Following his VA meeting in East Orange, Gottheimer met with veterans and veteran groups outside the Sussex VA clinic, a Community-Based Outpatient Clinic (CBOC), to share an update.
Issues covered included, wait times and drive times for veterans, closer access to facilities, female veteran-focused clinic, and 4) more mental health care access in Newton.
“Today, veterans in North Jersey, including disabled or senior veterans, will leave their homes, and may drive over an hour, only to be met by long wait times, cancelled appointments, and, ultimately, subpar care,” said Congressman Josh Gottheimer (NJ-5). “What they need is greater access to care, better care, faster care -- the care that they deserve. Our veterans have been pushing for referrals to area hospitals so they aren’t stuck in waiting rooms in East Orange, they need more mental health care in Sussex, and we also need the VA here in Jersey to prioritize taking care of brave women who have fought for our country.”
Gottheimer continued, “To me, one of my most important jobs as a member of Congress is to have the backs of those who have our backs: our men and women who have bravely served our country. I’m glad that I was finally able to meet with the Director today, and I’m looking forward to the VA moving forward on their commitments.”
Right now, North Jersey veterans are facing long wait times and cancelled appointments at the VA Medical Center in East Orange, NJ. When meeting with Gottheimer a year ago, Director Immiti committed to begin veteran patient referrals to New Bridge Medical Center (NBMC), to provide veterans with greater access to primary, specialty, and mental health care services. To date, New Bridge Medical Center has not received a single veteran patient referral from the VA. Over 1,000 veterans in Bergen County alone have signed a petition urging the VA in New Jersey to begin these referrals.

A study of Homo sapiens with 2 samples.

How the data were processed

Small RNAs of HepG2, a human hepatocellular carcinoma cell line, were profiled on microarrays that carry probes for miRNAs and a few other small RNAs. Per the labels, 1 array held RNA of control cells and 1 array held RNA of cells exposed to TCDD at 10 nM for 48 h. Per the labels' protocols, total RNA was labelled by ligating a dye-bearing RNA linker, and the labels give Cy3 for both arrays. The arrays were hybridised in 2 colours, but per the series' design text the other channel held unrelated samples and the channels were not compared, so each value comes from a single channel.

In Sussex and Warren Counties, veterans receive mental health care and other services from the Sussex VA Clinic, a Community-Based Outpatient Clinic (CBOC), in Newton, NJ. Currently, the VA is only able to offer in-person psychiatric care about twice a month. With an average of 20 veterans dying by suicide per day in this country, demand for psychiatric care has increased and veterans using the Sussex VA Clinic now require greater access to care. Director Immiti has previously committed to increasing services to weekly psychiatric availability in Newton, but that has yet to occur.
This is a continuation of Gottheimer's efforts on behalf of veterans in Sussex and Warren Counties, including his help in establishing the mental health care services at the Sussex VA Clinic in April 2018. This push to increase service is in direct response to growing demand.
With female veterans as the fasted-growing community in the military, some veterans groups feel that women-centered care is lacking in VA facilities in New Jersey. A location for a female veterans-focused Community-Based Outpatient Clinic (CBOC) facility has been outlined for Secaucus, but veterans are still waiting.
“As a veteran, I, along with the veterans of Sussex and Warren County, are grateful for the support we have received from Congressman Gottheimer and his focus on addressing the needs and concerns of the veterans,” said Tony Gallopo, Commander of Newton American Legion Post 86 and past State Vice Commander of the American Legion Dept. of New Jersey. “The VA Health Care Director has promised to increase the psychiatrist services at the Sussex clinic, but these service issues have still not been addressed. These concerns even come from the clinic staff, but they can be easily fixed. We need an in-person psychiatrist more than twice a month. If the Director was really concerned about providing quality health care to our veterans, I would think he would want to discuss the issues instead of avoiding the conversation, as he’s done previously.”